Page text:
Step 1: Remove the cooking grate and rock grate
Lift off the cooking grate and set it aside on newspaper. Scoop the lava rocks or ceramic briquettes into a bucket.
Pull out the rock grate and set it aside. Lift off the vapor bar or flame spreader. Remove any lava rocks or briquettes that have fallen through the rock grate.
Renovating a grill involves three steps. You clean grease and grime off the grill. Repaint oxidized and faded parts with high-temp paint, and replace worn-out parts (get replacement parts at most home centers). Your grill may not look exactly like the one we show in the photos, but the components will be similar. Caution: Before doing any work, disconnect the gas supply or propane tank, and wear gloves to protect your hands from incredibly dirty grease stains.
Start by removing the cooking grate, warming rack and lava rocks as shown in Photo 1. If the lava rocks are more than a year old or saturated with grease, replace them with new lava rocks or ceramic briquettes. The rock grate holds the lava rocks or briquettes above the burner. Under the rock grate there will be either a vapor bar or flame spreader, which protects the burner from dripping grease. Remove the rock grate and expose the burner as shown in Photo 2. The burner will be held in place with screws or retaining clips hooked into the venturi tubes.
Step 2: Test the igniter
Hold a mirror behind the igniter collector box and push the igniter button several times. If you see a spark, the igniter is good. If not, replace it (Photo 5).
Pull the igniter wire off the end of the igniter button. Unhook the burner retaining springs from the venturi tube holes with a pliers.
Unscrew the igniter collector box from the burner. Pull out the collector box, electrode and igniter wire and set aside.
Remove the igniter button. Either squeeze the igniter retaining clips together, or remove the retaining nut, and push the igniter free from the control panel.
Next, test the igniter electrode for a spark (Photo 3). When you push the igniter button, the electrode in the collector box sparks and ignites the gas. If the igniter wire sheathing has worn off, cover the exposed spots with electrical tape and retest. Most igniters fail because the spark never makes it to the electrode. If the igniter doesn't work, replace the entire igniter assembly. Photo 4 shows how to disconnect the igniter wire and remove the retaining clips from the venturi tubes, which carry gas from the control panel to the burners. Remove the igniter collector box from the burner (Photo 5) and the igniter button (Photo 6) from the control panel.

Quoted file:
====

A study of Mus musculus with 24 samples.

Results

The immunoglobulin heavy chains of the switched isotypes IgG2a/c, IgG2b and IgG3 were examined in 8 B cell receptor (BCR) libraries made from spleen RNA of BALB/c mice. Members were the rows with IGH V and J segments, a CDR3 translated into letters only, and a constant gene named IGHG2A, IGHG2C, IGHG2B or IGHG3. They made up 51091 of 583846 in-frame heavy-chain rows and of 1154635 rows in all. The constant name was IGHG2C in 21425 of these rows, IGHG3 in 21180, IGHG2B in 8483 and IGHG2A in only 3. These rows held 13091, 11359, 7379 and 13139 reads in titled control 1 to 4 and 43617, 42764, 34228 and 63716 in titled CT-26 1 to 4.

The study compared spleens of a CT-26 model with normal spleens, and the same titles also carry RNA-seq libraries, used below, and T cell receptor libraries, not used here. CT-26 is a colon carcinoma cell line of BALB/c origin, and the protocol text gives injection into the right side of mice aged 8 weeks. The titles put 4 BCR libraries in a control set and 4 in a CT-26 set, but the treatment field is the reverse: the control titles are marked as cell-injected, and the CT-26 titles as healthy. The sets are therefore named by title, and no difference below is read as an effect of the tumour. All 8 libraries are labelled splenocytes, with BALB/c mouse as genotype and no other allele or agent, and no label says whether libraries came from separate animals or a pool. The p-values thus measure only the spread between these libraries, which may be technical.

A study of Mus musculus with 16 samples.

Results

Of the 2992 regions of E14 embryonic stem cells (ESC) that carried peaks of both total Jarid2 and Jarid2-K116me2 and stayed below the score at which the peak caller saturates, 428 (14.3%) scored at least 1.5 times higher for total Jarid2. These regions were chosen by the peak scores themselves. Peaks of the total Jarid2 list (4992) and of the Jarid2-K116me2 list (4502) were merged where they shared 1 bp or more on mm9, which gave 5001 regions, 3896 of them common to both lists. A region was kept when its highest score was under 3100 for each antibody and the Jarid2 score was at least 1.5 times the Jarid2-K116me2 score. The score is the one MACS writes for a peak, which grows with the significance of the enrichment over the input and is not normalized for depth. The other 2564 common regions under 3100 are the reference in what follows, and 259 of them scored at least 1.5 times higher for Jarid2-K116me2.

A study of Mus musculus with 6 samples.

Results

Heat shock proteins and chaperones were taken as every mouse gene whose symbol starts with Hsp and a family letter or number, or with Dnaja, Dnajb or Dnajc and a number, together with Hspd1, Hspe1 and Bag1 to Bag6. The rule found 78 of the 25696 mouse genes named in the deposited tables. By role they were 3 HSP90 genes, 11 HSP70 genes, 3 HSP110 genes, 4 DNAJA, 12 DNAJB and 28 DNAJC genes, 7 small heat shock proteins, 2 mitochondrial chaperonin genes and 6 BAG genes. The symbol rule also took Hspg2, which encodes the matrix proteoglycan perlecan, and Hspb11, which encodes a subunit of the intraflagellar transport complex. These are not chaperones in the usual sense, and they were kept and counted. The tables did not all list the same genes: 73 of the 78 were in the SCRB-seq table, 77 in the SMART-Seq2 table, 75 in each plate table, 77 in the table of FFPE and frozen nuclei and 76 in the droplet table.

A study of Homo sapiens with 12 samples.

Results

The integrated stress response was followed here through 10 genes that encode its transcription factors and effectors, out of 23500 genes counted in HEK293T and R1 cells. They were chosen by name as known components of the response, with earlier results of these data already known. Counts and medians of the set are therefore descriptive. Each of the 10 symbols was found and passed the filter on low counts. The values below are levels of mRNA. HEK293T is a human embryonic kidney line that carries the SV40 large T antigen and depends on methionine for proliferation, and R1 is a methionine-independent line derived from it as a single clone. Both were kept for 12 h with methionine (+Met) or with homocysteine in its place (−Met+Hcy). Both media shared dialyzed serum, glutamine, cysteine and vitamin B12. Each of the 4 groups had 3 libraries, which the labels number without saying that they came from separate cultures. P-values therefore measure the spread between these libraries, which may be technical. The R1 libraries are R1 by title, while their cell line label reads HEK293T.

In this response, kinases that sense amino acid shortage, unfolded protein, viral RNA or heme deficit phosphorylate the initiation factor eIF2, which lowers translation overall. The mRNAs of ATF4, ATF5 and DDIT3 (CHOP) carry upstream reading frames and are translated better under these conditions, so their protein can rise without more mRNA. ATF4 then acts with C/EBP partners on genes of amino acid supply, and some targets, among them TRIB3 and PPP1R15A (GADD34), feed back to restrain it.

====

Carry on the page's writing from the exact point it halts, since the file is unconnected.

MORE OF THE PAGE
Step 3: Remove and clean the burner assembly
Pull out the burner, sliding the venturi tubes free from their mounting slots. If the burner has heavy rust or is rusted through, replace it.
Push a venturi cleaning brush or large pipe cleaner into the end of the venturi tubes to clean out spider webs (a common obstruction) and other debris.
Open clogged burner holes with a small wire or finish nail, and scrub the burner clean with a wire brush if it’s dirty or rusty.
The burner assembly is the heart of the grill. Remove and clean it as shown in Photos 7 – 9. If the burner or venturi tubes have excessive rust and the burner holes are rusted through, replace the burner assembly. These assemblies can be expensive.
Step 4: Scrub the grill body
Loosen cooking buildup from the grill hood and body with a plastic putty knife. Scrub the inside of the grill with soap and water.
Remove stubborn interior buildup with an oven or grill cleaner. Work outside so you don't breathe the cleaner fumes.
Scrape the cooking grate with a wire brush or grate cleaning brush. Soak the grate with oven cleaner to remove stubborn buildup.
Once you pull out all the parts, remove grease buildup from the body (Photo 10).Remove stubborn grease film with an oven or grill cleaner (Photo 11). Clean the viewing glass with a glass cleaner. Dislodge buildup from the cooking grate with a wire brush or the special grill cleaning brush shown in Photo 12.
Step 5: Restore the exterior
Sand the wood slats with 100-grit sandpaper. Stain the wood to restore the color and seal with Danish oil or linseed oil.
Sand the metal exterior with 220-grit sandpaper to remove rust and oxidation. Spray the grill with a high-temperature barbecue paint.
Scrub down the wooden slats with sandpaper, and recoat them with a matching stain (Photo 13).After the grill interior has been cleaned, remove grease from the exterior with soap and water or a degreaser. Sand any oxidation off the grill body with 220-grit sandpaper, and touch up the paint (Photo 14).